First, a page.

Some words to the wise on our debt – The Dallas Morning News
by William McKenzie
February 01, 2010
Source: The Dallas Morning News
David Walker is not your typical holy roller. Bald, bespectacled baby boomers don't make passionate preachers. Nothin' agin' 'em; I'm a bald, bespectacled baby boomer, myself. We don't bring the house down.
Walker can, though, and he was in Dallas on Friday at a National Center for Policy Analysis lunch. With Ross Perot leading a standing ovation, America's former comptroller general drew from his best-selling book, Comeback America: Turning the Country Around and Restoring Fiscal Responsibility, to remind us how dire our deficit and debt picture has become.
As comptroller general, he saw the ins and outs of that picture because he had to audit the financial statements of the Office of Management and Budget and the secretary of the treasury. Now, as head of the Peter G. Peterson Foundation, this 58-year-old accountant is on a mission to warn Americans that we must deal with this picture soon or suffer.
Here's one that that should get our attention. It particularly should wake up the 35-and-unders, whose future is at stake. Writes Walker:
"Right now, on average, Americans pay about 21 percent of their income in federal taxes and another 10 percent to state and local governments. By 2030, to pay our rising bills, that amount could be at least 45 percent - higher even than the average 42 percent that most Europeans pay. By 2040, it would be at least 53 percent and climbing."
And here's how he describes those who'll foot the bill:
"So much of their money will be devoted to keeping the government afloat that they'll have relatively little for everything else in life. Their homes will be smaller and drabber. There will be less to spend for cars, vacations, dinners out and big TV sets, all of which their parents took for granted. They'll still read about the consumer society and conspicuous consumption, but mainly in history texts."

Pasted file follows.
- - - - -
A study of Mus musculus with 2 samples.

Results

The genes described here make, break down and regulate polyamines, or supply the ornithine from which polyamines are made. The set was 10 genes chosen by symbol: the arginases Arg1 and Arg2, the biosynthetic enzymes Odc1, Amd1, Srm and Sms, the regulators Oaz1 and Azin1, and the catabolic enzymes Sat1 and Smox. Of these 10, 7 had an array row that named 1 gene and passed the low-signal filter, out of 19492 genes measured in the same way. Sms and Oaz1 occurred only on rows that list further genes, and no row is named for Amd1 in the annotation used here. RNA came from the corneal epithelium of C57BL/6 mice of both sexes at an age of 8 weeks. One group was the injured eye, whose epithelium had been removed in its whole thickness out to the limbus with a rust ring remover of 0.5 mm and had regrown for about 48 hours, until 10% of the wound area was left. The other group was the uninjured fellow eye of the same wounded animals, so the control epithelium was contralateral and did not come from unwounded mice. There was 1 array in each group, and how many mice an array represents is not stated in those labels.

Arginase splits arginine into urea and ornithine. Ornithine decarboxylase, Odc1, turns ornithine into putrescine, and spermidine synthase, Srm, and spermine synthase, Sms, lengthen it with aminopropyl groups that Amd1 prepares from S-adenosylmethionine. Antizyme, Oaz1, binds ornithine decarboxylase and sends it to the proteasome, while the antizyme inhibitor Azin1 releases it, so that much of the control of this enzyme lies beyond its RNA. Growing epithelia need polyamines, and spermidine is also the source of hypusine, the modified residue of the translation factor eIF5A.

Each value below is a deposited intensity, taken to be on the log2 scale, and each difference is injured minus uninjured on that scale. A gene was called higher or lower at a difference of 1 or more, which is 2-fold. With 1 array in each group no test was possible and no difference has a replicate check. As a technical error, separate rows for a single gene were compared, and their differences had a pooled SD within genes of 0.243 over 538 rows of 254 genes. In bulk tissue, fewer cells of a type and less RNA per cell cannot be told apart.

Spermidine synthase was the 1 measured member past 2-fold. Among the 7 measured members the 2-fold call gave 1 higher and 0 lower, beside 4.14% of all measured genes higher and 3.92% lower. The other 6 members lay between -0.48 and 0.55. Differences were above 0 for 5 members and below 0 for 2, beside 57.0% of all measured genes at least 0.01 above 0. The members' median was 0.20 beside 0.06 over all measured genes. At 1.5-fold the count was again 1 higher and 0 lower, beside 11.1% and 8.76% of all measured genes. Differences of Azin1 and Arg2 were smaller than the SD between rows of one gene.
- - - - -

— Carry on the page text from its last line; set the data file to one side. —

What I like is that he's not just selling hellfire and brimstone. He's also offering ideas to get out of this mess, which would dwarf our current economic problems.
For example, he'd reform Social Security by gradually increasing the retirement age, modestly changing cost-of-living payments and raising the cap on income subject to payroll taxes.
Those are sensible ideas, especially on the retirement age. Americans clearly are living longer. These proposals also avoid the pitfalls about whether Congress should let taxpayers invest a small portion of their Social Security contributions in the stock market.
On taxes, he acknowledges they must rise to reduce the debt. But he also believes that simplifying the tax code and keeping marginal tax rates low could minimize the hikes. And he presents ways to cut spending.
On health care, he critiques Washington for expanding coverage before proving it can control costs. No argument there. Congress should concentrate more on the latter before passing a bill.
Fortunately, some are picking up on the seriousness of the debt, which is nearing $60 trillion when you factor in unfunded promises to Social Security and Medicare. Although his new budget expands the deficit, President Barack Obama wants a presidential commission to tackle the larger debt. And he would have Congress freeze some parts of the domestic budget for three years. Give him credit for stepping up on an issue he really hasn't owned.
Sadly, that's not so about all in Washington. Forty-six senators, including Republicans Kay Bailey Hutchison of Texas and John McCain of Arizona, recently killed a Senate bill to deal with the debt. Have they not read the newspapers? Do they not think the stock market wants some signal that Washington takes the debt seriously?
Walker is a big fan of George H.W. Bush and Bill Clinton for breaking campaign promises to curb the deficit. Their decisions cost them, especially Bush's to raise taxes. He probably lost his presidency over it, but he helped Americans stem the flow of red ink.
We need more leaders like that now. David Walker can preach the word, but somebody must make tough calls. Soon.